Dental Health

With an understanding that it only takes 24 hours for bacteria to solidify into plaque, daily removal of plaque is essential to good oral hygiene. Imagine not brushing your teeth for five years, as is the case with most pets. How do you suppose you would feel?

Periodontal Disease

If left untreated; plaque will build up, form calculus, inflame the gums, and then infection progresses to loosen and destroy the tooth’s attachment. Once this occurs, removal of the tooth and most likely the ones around it is necessary. Here’s something to think about…two-thirds of your pet’s teeth are below the gum line, imagine how long this has been going on without you knowing it. Your pet certainly can’t tell you they’re in pain and most are masters of concealing their pain. Because of this, it’s not uncommon that we face mass removal of teeth as most are barely attached at that point. Pet parents say the same thing after we treat for periodontal disease; “My pet is completely different, he’s eating better, more active, and overall seems happy. The changes were so subtle that I didn’t realize just how bad he felt until he stopped eating”. That’s because they’re no longer in pain.

Effects on Heart, Kidneys, and Liver

The infection that causes the deterioration of the teeth and bone eventually moves into the bloodstream where billions of bacteria must be filtered by the liver and kidneys. Constant clearing of a low-grade infection with no outward signs in your pet can result in an overwhelmed immune system. Liver, kidney, and heart infections can occur from dental disease in our pets much like in people. A decrease in organ function or a heart murmur make it easier for bacteria to take hold and cause damage and organ failure.

Dental Radiographs

Without question, dental radiographs are the best way to see what’s happening under the gum line. Teeth may look fine above the gum line, but below can be a completely different story. The ability to see below the gum line is invaluable as it can tell us what your pet can’t. Kennesaw Mountain Animal Hospital urges our clients to have dental radiographs performed to catch infection and bone-loss before it has a chance to progress.

Signs of Dental Disease include, but are not limited to:

  • Bad breath
  • Excessive drooling
  • Dropping food
  • Sudden disinterest in chew toys
  • Loss of appetite
  • Swollen or painful face
  • Pawing at the mouth
  • Yellow, broken, loose or missing teeth
  • Gums that are red, swollen or bleeding

If your pet is exhibiting any of these symptoms it’s time to schedule an exam. We can determine what the problem is and address it quickly, improving the prognosis for your loved one.

Kennesaw Mountain Animal Hospital’s team of experienced doctors can have your pet back to “smiling”. Let us provide the guidance you need to ensure a long, happy, pain-free life with your beloved pet.

Contact Info


“I cannot speak highly enough about every single person at Kennesaw Mountain Animal Hospital. They truly embody their mission statement “Where we treat you like family and your pets as our own.”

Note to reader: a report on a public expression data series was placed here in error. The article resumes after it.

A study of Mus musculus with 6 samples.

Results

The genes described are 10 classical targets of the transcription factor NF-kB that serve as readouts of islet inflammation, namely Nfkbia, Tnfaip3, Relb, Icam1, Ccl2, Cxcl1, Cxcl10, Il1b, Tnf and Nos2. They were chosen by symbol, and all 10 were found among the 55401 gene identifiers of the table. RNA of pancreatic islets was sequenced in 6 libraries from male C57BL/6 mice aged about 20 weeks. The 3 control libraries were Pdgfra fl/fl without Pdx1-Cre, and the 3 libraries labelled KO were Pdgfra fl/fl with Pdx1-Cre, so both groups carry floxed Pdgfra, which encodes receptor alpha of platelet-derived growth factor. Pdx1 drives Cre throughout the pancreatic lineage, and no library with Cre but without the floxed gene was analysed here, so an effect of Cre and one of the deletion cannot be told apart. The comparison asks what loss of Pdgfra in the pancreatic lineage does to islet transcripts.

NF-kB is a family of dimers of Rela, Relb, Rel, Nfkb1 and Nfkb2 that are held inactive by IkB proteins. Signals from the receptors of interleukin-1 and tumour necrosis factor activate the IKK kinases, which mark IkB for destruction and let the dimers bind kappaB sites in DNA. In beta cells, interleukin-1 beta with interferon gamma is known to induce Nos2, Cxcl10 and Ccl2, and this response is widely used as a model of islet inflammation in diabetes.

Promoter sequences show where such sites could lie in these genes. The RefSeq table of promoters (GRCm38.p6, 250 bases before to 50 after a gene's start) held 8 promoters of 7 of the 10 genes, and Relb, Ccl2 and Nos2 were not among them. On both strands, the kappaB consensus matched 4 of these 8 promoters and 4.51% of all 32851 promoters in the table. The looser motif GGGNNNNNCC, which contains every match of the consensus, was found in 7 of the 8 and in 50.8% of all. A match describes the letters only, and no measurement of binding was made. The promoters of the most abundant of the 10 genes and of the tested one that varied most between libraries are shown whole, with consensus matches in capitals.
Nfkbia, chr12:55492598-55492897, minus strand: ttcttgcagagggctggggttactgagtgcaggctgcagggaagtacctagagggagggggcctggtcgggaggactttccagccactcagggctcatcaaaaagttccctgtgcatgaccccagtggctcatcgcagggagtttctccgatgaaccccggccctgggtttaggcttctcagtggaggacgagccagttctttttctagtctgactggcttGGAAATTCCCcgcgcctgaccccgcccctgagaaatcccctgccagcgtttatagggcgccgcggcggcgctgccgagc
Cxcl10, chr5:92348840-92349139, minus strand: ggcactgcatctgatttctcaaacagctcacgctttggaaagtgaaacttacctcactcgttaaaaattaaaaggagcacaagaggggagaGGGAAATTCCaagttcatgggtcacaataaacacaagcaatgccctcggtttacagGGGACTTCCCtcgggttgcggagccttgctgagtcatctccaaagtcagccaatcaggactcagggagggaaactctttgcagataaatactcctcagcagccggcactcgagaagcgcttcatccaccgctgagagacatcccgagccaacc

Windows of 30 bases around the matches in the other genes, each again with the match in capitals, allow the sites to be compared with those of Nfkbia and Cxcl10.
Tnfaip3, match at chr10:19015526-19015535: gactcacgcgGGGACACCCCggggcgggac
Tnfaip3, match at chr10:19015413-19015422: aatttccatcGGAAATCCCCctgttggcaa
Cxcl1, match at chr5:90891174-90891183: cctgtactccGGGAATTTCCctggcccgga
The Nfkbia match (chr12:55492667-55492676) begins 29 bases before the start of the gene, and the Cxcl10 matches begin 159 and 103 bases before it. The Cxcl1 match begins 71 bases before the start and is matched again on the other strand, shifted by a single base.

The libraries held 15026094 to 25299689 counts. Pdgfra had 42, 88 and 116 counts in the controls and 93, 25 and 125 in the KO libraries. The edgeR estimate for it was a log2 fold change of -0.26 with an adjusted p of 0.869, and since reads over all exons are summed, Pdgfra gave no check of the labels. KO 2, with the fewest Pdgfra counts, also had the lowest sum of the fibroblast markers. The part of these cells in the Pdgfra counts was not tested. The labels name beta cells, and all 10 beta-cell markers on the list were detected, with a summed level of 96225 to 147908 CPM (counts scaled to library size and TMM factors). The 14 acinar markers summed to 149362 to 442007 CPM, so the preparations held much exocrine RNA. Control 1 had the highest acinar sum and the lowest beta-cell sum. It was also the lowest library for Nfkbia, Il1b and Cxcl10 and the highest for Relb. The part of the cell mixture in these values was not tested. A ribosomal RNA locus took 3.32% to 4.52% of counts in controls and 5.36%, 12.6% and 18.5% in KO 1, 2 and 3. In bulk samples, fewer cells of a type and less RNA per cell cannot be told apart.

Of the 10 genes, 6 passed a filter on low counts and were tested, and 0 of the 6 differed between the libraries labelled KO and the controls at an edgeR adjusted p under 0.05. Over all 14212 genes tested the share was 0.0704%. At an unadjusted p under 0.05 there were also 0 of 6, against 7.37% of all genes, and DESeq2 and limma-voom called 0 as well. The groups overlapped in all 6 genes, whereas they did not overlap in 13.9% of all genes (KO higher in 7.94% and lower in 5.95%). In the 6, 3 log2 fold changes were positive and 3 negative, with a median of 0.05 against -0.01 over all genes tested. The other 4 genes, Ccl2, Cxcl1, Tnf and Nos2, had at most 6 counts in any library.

Anisha S.

Jonathan D.

Nancy A.
dogs kennesaw marietta

“Had to board for four days. I called to check on her and was given in detail how she did. Picked her up and she was not shaking (which she normally does when we are at vets). I will definitely use them again. Love this group. Very friendly and caring!”

Freda B.

“If you need a cat groomer, I recommend Marissa! She was patient with my baby Oliver and made him feel comfortable. And he looks great!!!!”

Jennifer B.

As veterinarians we deal with a wide range of complicated issues in the course of our day-to-day work. If you don’t have all the answers, we might. We have some FAQ documents on a wide range of subjects for your pet. Whether you’re looking for answers to common questions or just curious, our FAQs could be the fastest route to the answers you need.

A puppy’s critical development period is 8 – 14 weeks, training is crucial during this period and is fine, given they’re at the appropriate level of vaccines. Puppies can meet other vaccinated puppies…we require all training participants to be at the appropriate stage of vaccination for their age.
They pose a variety of health and safety hazards. Without knowledge of the other dog’s backgrounds, it’s a risky situation at best. Other pet owners may not be aware of the risks…nor mindful of their pet.
Imagine not brushing your teeth for five years? Infection occurs when bacteria collects between the gums and teeth as they separate; it then enters the blood stream and sets up in the heart, liver, and kidneys.
Absolutely, NOT! Aspirin, ibuprofen, and naproxen are non-steroidal anti-inflammatory drugs (NSAIDs). Dogs are extremely sensitive to the gastrointestinal effects of NSAIDs, resulting in pain, bleeding, and ulceration.
Change in appetite, lethargy, low energy, aggressiveness, inappropriate elimination, and vocalization are all signs of an underlying issue. Though the symptoms began recently, the issue began well before the symptoms began to show.
Our wellness plans spread out the cost of services throughout the year…much easier on your wallet. Part of your savings includes no exam fee when you come for a visit.
It provides a baseline of values to reference the next time your pet needs treatment. It also detects early signs of cancer, infection and disease, and ensures organs are properly functioning.
On July 19, 2018, the U.S. FDA issued an alert regarding grain-free diets and a possible link to dilated cardiomyopathy (a decreased ability to pump blood); often resulting in congestive heart failure. The correlation of peas, lentils, chickpeas, beans, and potatoes is the focus of the investigation and if your pet is currently on a grain free diet, the FDA urges pet owners to consult their veterinarian.

Call us today, we want to be your partner in your pet’s healthcare!